How Emotional Intelligence Became a Key Leadership Skill

An understanding of what exactly constitutes emotional intelligence is important not only because the capacity is so central to leadership but because people strong in some of its elements can be utterly lacking in others, sometimes to disastrous effect.  You can see Salovey, now Yale’s provost, making this point vividly in a talk he gave at a 2010 leadership conference in which he describes how a single picture (which we can’t even see) illustrates the remarkable disparity in the emotional intelligence of  President Clinton, who was so remarkable in his empathy and yet so devoid of self-control.

In subsequent work, Goleman focuses more deeply on these various elements of emotional intelligence. In 2001, with Case Western Reserve professor Richard Boyatzis and U.Penn faculty member Annie McKee, he explored the contagious nature of emotions at work, and the link between leaders’ emotional states and their companies’ financial success in “Primal Leadership.” In 2008, in “Social Intelligence and the Biology of Leadership,” Goleman and Boyatzis take a closer look at the mechanisms of social intelligence (the wellsprings of empathy and social skills). And most recently, in “The Focused Leader,” Goleman applies advances in neuroscience research to explain how leaders can increase each element of emotional intelligence by understanding and improving the various ways they focus their attention, both expansively and narrowly.

It is perhaps an indication of how young this field is (or perhaps how fundamental Goleman’s typology is to it) that pretty much the entire canon of thinking on the subject in HBR also focuses on one or another of these elements of emotional intelligence as Goleman laid them out.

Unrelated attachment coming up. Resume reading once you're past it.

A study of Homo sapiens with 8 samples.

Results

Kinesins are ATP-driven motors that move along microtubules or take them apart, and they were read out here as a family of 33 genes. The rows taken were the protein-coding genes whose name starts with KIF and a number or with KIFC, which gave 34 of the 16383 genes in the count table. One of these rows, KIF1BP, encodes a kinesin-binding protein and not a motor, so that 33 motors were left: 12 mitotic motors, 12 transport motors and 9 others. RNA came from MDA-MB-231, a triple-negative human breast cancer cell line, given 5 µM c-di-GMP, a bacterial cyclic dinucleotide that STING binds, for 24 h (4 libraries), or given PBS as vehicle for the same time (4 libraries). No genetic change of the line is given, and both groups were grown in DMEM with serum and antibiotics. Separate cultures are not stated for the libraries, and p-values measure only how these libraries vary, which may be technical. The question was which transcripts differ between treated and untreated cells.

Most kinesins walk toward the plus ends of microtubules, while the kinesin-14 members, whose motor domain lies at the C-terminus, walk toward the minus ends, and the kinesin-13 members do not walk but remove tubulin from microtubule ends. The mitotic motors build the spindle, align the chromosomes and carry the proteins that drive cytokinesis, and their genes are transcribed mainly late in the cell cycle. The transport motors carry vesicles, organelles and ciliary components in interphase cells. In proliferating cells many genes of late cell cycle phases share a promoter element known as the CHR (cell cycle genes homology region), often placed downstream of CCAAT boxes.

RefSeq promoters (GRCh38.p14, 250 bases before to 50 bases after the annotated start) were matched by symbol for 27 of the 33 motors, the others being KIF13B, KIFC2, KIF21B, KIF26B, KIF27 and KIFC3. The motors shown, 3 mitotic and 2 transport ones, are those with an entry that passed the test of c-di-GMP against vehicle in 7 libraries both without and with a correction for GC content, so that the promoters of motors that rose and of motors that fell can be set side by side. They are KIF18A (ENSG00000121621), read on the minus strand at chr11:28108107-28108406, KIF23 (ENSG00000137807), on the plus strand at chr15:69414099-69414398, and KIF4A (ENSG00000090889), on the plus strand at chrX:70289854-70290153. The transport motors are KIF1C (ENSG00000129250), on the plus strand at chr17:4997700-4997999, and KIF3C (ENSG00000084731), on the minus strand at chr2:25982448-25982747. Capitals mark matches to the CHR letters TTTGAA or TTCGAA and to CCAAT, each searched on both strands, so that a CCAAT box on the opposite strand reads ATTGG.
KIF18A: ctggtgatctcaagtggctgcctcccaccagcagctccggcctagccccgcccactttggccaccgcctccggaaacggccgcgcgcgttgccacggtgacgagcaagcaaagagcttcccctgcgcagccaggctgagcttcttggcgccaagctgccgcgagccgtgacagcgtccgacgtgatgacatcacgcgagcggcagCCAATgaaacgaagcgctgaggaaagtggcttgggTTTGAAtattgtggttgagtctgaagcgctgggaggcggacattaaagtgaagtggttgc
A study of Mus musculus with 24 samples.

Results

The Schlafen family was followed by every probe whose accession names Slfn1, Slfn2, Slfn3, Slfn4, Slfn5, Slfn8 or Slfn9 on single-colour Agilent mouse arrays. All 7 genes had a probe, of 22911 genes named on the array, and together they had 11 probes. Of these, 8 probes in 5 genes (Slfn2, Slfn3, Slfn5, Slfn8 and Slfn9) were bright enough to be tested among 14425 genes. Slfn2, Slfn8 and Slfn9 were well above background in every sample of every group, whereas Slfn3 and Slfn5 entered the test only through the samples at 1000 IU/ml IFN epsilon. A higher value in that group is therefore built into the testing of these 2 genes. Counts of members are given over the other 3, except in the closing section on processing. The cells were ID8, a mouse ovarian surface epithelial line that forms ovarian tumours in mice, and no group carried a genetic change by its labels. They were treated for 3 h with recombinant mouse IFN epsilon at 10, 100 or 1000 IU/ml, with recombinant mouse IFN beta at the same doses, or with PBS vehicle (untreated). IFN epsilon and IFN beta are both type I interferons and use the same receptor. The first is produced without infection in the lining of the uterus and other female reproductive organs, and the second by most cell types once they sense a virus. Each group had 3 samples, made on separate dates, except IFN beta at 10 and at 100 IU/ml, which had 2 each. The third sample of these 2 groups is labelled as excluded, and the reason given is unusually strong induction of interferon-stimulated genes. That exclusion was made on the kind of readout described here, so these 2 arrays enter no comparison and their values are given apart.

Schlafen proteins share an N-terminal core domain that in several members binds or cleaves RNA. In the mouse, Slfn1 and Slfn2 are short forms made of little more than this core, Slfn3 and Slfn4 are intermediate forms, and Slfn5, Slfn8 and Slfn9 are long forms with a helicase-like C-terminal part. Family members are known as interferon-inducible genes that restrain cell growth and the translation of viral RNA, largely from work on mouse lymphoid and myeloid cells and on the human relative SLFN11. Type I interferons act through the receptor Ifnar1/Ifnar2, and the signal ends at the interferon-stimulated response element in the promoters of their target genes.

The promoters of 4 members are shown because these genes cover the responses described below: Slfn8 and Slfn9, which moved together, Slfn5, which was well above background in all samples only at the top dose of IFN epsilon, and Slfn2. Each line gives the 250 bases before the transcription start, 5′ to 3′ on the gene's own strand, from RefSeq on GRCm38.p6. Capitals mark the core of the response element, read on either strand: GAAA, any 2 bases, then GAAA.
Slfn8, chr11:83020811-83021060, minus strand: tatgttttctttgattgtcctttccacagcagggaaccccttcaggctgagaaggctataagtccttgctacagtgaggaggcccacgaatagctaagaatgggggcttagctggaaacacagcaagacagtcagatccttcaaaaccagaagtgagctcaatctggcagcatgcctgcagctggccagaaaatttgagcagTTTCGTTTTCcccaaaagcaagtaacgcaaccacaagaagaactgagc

In “Cultural Intelligence,” for instance, Elaine Mosakowiski of the University of Colorado, Boulder, and LBS professor Christopher Earley take an in-depth look at one important social skill, the ability to adjust to different contexts, offering a diagnostic to help you gauge your abilities and a six-step process for improving them.  In “Contextual Intelligence,” HBS professor Tarun Khanna examines how leaders develop what Goleman calls “cognitive empathy,” the aspect of social intelligence that “enables leaders to pick up implied norms and learn the unique mental models of a new culture.” In Emotional Agility, consultants Susan David and Christina Congleton, focus on one aspect of self-regulation, detailing a process for recognizing and rechanneling your negative emotions, an idea echoed in Kellogg school professor Leigh Thompson and U. Chicago behavioral science professor Tanya Menon’s approach to coping with envy at work. And in “Building the Emotional Intelligence of Groups,” Steven Wolff of Marist College, and another CWR professor, Vanessa Urch Druskat, examine how emotional intelligence is manifested in and strengthens teams.